How A Lincoln Assassination Co-Conspirator Wound Up Saving Dozens Of Lives In Prison

Anyone who can recall elementary school history classes could probably name the man who assassinated President Abraham Lincoln in 1865. Indeed, the name John Wilkes Booth remains in infamy over 150 years after his dastardly act. What many might not know is that there were many others involved in the plot to kill the nation's 16th president. All told, seven men and one woman were put on trial for the assassination plot, and four hung from the gallows for their participation in the crime.

One of the co-conspirators was a physician named Samuel Mudd, and the story of his involvement in the scheme that left a nation in mourning has been hotly contested for generations. Historians have debated the extent of Mudd's participation, and relatives of the respected physician have long since called for his name to be cleared (via Circulating Now).

Mudd's story involves a chance meeting with the assassin Booth, his life sentence on an island prison, and how he was able to use his medical knowledge to save lives while he was incarcerated.

Dr. Samuel Mudd and John Wilkes Booth

Early in the morning of April 15, 1865, Dr. Samuel Mudd was awakened by two men who arrived at his family's farm. One of the men had a broken leg, which he claimed to have received after falling off of a horse (via Famous Trials). Mudd cut off the man's boot and set the broken leg. He then offered the travelers a place to stay for the rest of the night. 

When Mudd was arrested and charged as a co-conspirator, he claimed in court that he didn't know the man with the broken leg was John Wilkes Booth — he was simply giving medical attention to someone who desperately needed it. The physician claimed to not know who Booth was or that he was involved in a plot to assassinate Lincoln.

Prosecutors claimed that Mudd had numerous encounters with Booth and hatched a plot to kidnap Lincoln in November 1864. They also maintained that Mudd had helped Booth plan the safest route off the farm and through the state of Maryland. Both sides presented strong cases in the trial. But in a court of law, only one side prevails in the end.

A narrow escape from the gallows

The jury found Dr. Samuel Mudd guilty of conspiracy (via Circulating Now). Now it was a matter of his punishment. By a single vote, Mudd's life was spared. Instead of facing the gallows, Mudd and three other convicted coconspirators would be serving a life sentence on the Fort Jefferson island prison, 70 miles off the coast of Key West, Florida.

Mudd wasn't one to wait out life in prison. Shortly after arriving at his new home, he wasted no time trying to escape by sneaking aboard an outbound ship (via National Park Service). But his escape attempt was in vain, and it cost him dearly — Mudd was shackled and placed into what would be considered a dungeon. He was held there until January of 1866 when he was returned to the general population (via Lincoln Conspirators). 

Following his stint in the dungeon, Mudd was allowed to work in the carpentry shop on the island prison. Little did he know then that fate was about to allow him to show his worth and pave his way to freedom.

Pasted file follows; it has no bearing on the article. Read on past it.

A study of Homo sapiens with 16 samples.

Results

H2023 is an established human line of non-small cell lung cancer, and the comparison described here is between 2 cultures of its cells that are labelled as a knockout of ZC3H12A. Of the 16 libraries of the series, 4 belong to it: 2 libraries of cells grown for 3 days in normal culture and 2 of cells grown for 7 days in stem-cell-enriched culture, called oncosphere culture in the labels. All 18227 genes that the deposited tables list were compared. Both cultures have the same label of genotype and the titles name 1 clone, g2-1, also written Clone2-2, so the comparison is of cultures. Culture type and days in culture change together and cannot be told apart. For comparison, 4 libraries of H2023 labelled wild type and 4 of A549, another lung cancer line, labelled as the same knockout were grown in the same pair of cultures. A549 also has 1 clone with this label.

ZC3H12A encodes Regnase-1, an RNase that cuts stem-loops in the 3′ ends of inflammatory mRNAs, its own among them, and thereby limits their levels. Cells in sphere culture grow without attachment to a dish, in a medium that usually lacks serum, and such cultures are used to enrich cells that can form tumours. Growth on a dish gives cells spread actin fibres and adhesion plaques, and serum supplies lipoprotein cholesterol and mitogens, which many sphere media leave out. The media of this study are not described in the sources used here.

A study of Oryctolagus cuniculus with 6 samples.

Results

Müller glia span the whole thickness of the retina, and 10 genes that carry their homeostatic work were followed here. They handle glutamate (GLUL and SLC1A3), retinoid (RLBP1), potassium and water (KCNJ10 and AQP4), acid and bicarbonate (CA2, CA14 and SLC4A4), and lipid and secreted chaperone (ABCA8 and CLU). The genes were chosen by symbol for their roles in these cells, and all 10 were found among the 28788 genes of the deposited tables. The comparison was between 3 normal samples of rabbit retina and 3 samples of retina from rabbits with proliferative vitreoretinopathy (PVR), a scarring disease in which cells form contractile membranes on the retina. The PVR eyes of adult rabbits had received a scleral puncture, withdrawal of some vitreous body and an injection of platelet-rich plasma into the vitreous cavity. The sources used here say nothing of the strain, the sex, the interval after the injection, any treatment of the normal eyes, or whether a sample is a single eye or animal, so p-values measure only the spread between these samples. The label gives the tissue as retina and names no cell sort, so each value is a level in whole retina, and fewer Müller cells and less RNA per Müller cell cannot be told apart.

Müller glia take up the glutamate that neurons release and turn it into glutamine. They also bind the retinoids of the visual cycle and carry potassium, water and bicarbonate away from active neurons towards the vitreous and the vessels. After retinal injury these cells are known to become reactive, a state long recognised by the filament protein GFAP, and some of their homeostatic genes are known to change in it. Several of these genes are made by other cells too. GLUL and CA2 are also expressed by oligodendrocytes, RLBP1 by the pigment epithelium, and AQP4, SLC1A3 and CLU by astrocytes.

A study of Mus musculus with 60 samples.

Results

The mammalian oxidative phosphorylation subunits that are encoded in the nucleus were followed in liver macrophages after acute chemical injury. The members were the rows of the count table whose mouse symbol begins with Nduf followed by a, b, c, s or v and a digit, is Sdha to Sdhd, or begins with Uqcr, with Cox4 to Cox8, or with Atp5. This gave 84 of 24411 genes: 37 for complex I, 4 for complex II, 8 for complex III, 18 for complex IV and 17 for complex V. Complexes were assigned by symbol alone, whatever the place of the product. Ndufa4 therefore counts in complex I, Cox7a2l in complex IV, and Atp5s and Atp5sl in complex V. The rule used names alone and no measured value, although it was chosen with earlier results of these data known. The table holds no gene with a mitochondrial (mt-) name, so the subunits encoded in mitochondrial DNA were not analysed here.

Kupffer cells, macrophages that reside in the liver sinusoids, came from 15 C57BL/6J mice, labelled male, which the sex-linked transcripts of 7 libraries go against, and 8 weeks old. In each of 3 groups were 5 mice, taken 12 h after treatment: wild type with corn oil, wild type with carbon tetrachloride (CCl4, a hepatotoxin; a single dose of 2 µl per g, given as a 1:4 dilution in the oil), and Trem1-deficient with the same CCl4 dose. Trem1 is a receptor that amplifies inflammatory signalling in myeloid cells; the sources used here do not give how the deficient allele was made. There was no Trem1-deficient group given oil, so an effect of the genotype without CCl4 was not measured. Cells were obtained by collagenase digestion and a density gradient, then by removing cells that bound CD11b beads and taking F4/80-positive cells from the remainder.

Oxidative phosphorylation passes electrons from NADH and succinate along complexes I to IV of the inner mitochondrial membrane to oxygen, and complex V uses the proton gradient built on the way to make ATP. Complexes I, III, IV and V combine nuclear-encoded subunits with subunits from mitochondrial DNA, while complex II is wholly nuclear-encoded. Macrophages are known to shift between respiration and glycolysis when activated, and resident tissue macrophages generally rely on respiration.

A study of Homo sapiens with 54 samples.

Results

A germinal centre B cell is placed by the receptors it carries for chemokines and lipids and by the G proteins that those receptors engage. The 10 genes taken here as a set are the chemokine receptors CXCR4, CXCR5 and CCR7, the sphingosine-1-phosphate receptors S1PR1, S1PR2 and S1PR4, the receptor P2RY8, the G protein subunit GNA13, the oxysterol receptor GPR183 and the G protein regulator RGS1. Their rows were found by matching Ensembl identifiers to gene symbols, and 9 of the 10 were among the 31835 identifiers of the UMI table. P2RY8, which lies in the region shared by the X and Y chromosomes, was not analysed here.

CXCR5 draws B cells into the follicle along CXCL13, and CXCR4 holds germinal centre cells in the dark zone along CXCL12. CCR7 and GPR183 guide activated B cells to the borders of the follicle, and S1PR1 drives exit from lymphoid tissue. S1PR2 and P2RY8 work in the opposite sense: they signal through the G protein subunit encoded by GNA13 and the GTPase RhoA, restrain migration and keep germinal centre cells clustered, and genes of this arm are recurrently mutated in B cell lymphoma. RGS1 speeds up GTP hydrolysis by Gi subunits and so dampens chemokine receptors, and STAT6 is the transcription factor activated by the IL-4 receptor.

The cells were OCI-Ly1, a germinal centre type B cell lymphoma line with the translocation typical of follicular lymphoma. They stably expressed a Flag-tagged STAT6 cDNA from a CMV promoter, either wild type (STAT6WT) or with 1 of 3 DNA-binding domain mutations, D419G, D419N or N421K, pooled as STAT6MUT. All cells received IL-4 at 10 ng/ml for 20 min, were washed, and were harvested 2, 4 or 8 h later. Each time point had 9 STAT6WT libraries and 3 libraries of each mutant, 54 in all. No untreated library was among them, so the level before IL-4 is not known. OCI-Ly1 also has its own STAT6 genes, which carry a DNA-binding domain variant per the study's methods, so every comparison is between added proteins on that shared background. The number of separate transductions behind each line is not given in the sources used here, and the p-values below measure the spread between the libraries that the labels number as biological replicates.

The hero of Fort Jefferson

The first case of yellow fever was diagnosed on the island on August 18, 1867 (via Smithsonian). Three days later, the cases had grown to four. With hundreds of military personnel and more than 50 inmates on the island, it was a legitimate concern that this disease could spread in such tight quarters, and spread it did. Before the disease had run its course, nearly all 387 inhabitants had become infected.

Shortly into the crisis, the island's lone physician, Joseph Sim Smith, succumbed to the disease. Samuel Mudd volunteered to run the hospital at the Fort and was immediately granted that responsibility. Mudd set to work getting the infected to purge and sweat the fever out. He prescribed calomel, a mercury-based substance, to aid in his efforts. He also insisted that patients need to stay hydrated throughout this process and made them drink herbal tea.

Mudd was also a stickler about hygiene. When a patient died from yellow fever, staff were placing a new patient in the same bed using the same bedding. Mudd believed, correctly, that this would worsen the conditions. As such, he made it a policy to have clean linens and for the patients being treated to have theirs changed regularly.

By the time the epidemic was over, only 38 patients — or 14 percent of the infected — died from yellow fever. This was a historically amazing feat, as yellow fever could have taken the lives of everyone on the island. 

A free man at last

The soldiers and officers on the island were eternally grateful for Samuel Mudd saving their lives. One officer, Lieutenant Edmund L. Zalinski, wrote a letter to President Andrew Johnson requesting that Mudd be granted clemency from the United States government (via Smithsonian). Two-hundred-ninety-nine fellow officers and soldiers signed the request before Zalinski sent it to Mudd's wife, Sarah.

Their efforts did not go unrecognized. Sarah Mudd circulated the letter around Washington, D.C., before presenting it to President Johnson. Johnson signed the doctor's pardon on February 8, 1869, a month before he was scheduled to vacate his office.  Now a free man, Mudd resumed his medical practice and worked to bring his family farm back to viability. There, he lived until January of 1883, when he succumbed to pneumonia at the age of 49 (via Circulating Now).